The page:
There are always those incidents that happen and no one plans for them. But, what you might not realise is most of these mistakes are completely avoidable. You know the basics of wedding etiquette, but there are other etiquette errors that commonly cause wedding day blunders — and you don’t know about them.
Having a Night Out Before the Big Day
It might sound like a great idea to go out and celebrate the night before your wedding, but remember tomorrow is one of the most important days of your life. You are going to have photographs taken, be the center of attention, and you don’t want to do that while looking hungover or sleep deprived.
Glamour Was More Important than Comfort
Those stunning shoes and that ultra-tight gown might look great, but you will be miserable in them. Remember that you will wear that dress and those shoes for more than eight hours, so try your best to find a balance between comfort and looking great.
Ignoring the Unexpected
Nothing goes 100 percent according to plan. If you are assuming you won’t have any issues during your wedding, you are already setting yourself up for failure. Things happen. The caterer may be delayed because of traffic, it could rain, the best man didn’t arrive, etc. It is actually proper etiquette to have a back up plan — not for yourself, but for your guests. Some things you may want to consider, include:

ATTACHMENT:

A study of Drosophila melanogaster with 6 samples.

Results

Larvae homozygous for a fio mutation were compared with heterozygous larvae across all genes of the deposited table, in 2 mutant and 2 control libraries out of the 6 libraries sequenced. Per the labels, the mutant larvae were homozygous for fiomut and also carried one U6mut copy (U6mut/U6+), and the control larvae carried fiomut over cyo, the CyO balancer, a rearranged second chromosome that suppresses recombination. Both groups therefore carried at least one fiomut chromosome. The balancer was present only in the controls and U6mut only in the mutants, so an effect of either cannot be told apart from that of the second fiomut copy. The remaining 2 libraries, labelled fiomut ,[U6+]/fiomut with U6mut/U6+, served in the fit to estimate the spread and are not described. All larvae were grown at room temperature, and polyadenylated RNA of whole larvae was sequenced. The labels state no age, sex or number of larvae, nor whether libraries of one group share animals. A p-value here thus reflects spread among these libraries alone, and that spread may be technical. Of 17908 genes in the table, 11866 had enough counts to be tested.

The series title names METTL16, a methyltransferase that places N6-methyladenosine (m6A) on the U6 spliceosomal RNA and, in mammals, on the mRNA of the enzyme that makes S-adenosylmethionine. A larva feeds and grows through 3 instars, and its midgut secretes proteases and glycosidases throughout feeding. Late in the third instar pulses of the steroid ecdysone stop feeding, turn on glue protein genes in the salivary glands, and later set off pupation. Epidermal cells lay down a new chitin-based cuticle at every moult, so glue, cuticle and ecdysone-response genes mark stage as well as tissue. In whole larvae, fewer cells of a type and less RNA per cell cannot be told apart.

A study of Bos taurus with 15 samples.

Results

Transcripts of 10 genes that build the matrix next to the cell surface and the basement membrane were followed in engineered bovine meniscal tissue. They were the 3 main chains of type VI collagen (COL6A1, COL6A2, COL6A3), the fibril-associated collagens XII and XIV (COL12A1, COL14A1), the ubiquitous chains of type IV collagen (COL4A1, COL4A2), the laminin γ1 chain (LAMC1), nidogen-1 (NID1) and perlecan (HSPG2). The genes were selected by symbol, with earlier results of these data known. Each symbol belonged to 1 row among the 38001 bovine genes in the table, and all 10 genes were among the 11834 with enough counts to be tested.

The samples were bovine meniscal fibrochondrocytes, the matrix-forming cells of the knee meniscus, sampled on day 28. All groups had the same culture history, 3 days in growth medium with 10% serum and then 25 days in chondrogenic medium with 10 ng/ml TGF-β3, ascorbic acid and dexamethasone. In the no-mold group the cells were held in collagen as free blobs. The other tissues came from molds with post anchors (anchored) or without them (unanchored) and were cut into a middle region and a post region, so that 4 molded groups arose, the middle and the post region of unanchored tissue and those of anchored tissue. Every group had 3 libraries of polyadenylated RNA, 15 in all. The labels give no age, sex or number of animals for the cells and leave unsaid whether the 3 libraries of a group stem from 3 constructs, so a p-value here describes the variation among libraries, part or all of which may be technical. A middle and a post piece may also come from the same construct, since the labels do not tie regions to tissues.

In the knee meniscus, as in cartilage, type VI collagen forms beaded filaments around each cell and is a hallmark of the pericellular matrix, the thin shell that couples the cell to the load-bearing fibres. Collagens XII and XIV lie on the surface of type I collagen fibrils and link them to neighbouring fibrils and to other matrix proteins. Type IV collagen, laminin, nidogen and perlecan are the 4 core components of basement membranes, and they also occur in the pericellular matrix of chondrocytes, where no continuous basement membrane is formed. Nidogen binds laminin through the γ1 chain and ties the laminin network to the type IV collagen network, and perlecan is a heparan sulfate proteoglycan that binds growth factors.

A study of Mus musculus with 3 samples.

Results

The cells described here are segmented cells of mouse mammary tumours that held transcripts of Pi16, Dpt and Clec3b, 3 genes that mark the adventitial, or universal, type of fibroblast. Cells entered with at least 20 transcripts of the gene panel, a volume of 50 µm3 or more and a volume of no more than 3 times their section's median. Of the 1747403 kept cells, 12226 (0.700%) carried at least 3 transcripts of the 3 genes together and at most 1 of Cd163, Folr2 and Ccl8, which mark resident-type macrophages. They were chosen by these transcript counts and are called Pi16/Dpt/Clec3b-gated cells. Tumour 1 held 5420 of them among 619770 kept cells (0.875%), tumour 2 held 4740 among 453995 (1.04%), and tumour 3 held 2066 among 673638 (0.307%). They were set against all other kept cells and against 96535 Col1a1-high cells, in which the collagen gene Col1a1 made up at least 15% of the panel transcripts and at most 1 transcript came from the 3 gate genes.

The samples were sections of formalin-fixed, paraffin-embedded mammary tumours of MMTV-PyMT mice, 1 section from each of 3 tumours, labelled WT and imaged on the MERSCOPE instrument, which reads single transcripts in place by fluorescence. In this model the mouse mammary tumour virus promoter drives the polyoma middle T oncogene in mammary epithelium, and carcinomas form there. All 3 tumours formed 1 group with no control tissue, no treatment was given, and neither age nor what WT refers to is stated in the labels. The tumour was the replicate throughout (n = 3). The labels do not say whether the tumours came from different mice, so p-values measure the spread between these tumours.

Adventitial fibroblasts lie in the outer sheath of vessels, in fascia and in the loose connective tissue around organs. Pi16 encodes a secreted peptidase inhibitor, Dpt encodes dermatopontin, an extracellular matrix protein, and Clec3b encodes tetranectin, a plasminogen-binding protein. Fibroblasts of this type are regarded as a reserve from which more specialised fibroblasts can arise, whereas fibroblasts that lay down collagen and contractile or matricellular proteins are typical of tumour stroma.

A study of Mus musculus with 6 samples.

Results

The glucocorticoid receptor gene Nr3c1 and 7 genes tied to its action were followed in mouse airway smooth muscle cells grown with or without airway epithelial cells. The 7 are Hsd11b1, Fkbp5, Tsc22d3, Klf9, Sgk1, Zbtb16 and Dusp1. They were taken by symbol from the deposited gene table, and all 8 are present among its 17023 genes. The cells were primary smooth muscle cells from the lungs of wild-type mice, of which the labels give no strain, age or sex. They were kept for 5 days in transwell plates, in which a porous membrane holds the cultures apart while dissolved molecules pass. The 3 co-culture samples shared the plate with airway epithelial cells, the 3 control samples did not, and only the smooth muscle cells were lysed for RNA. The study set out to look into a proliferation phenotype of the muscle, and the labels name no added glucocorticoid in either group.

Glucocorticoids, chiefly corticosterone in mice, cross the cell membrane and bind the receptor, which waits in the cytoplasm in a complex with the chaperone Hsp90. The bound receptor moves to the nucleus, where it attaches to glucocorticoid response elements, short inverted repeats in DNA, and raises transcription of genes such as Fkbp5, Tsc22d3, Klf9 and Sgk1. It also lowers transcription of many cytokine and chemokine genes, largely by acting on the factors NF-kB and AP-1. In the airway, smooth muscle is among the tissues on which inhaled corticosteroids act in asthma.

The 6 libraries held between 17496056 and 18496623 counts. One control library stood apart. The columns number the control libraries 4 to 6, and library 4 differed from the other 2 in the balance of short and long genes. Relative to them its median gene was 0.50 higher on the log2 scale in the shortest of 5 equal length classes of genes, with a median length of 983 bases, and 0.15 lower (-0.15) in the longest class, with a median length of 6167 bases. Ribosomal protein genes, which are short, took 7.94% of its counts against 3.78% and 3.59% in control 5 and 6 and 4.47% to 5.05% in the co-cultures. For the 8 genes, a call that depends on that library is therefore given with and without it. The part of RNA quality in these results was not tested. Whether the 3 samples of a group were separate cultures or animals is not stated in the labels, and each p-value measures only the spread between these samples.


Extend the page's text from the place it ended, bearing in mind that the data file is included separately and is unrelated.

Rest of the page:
- Having an early arrival time for wedding party members and suppliers — so that everyone is accounted for before anything official begins.
- Having a first aid kit on the premises (don’t rely on the venue to provide this for you).
- Having someone in charge of keeping the peace at your wedding.
- Providing instructions to your guests about the church traditions — don’t assume everyone knows how weddings in your religion work.
Not Providing Guests with Directions
Never assume your guests know how to find your wedding venue; and, don’t just assume they will use GPS. It is rude to not provide a clear address and directions. Print the directions (preferably with a map) and include them with your wedding invitations or at least post them on your wedding site.
Ignoring Guests During the Wedding
It might be your day, but people took the day off to celebrate it with you. It is your job to spend time with your guests — that means going around and having conversations, thanking guests for attending, etc. Make your rounds throughout the day and share it with your guests.
Not Telling the DJ About Your Music Requirements
If you don’t want to offend your guests (or yourself), talk about music with your DJ — and don’t assume they know what music is appropriate or inappropriate for your event. Have a clear list of music that is acceptable, but also let them know what type of music they cannot play.
Not Sending Thank You Cards Promptly
You might be a busy newlywed, but that does not give you the right to ignore the “thank you” cards. Cards should be sent one to two weeks after the wedding. You don’t have to do it on your honeymoon, but make sure it is your first priority when you get home.
Readers: What other wedding etiquette mistakes can you list?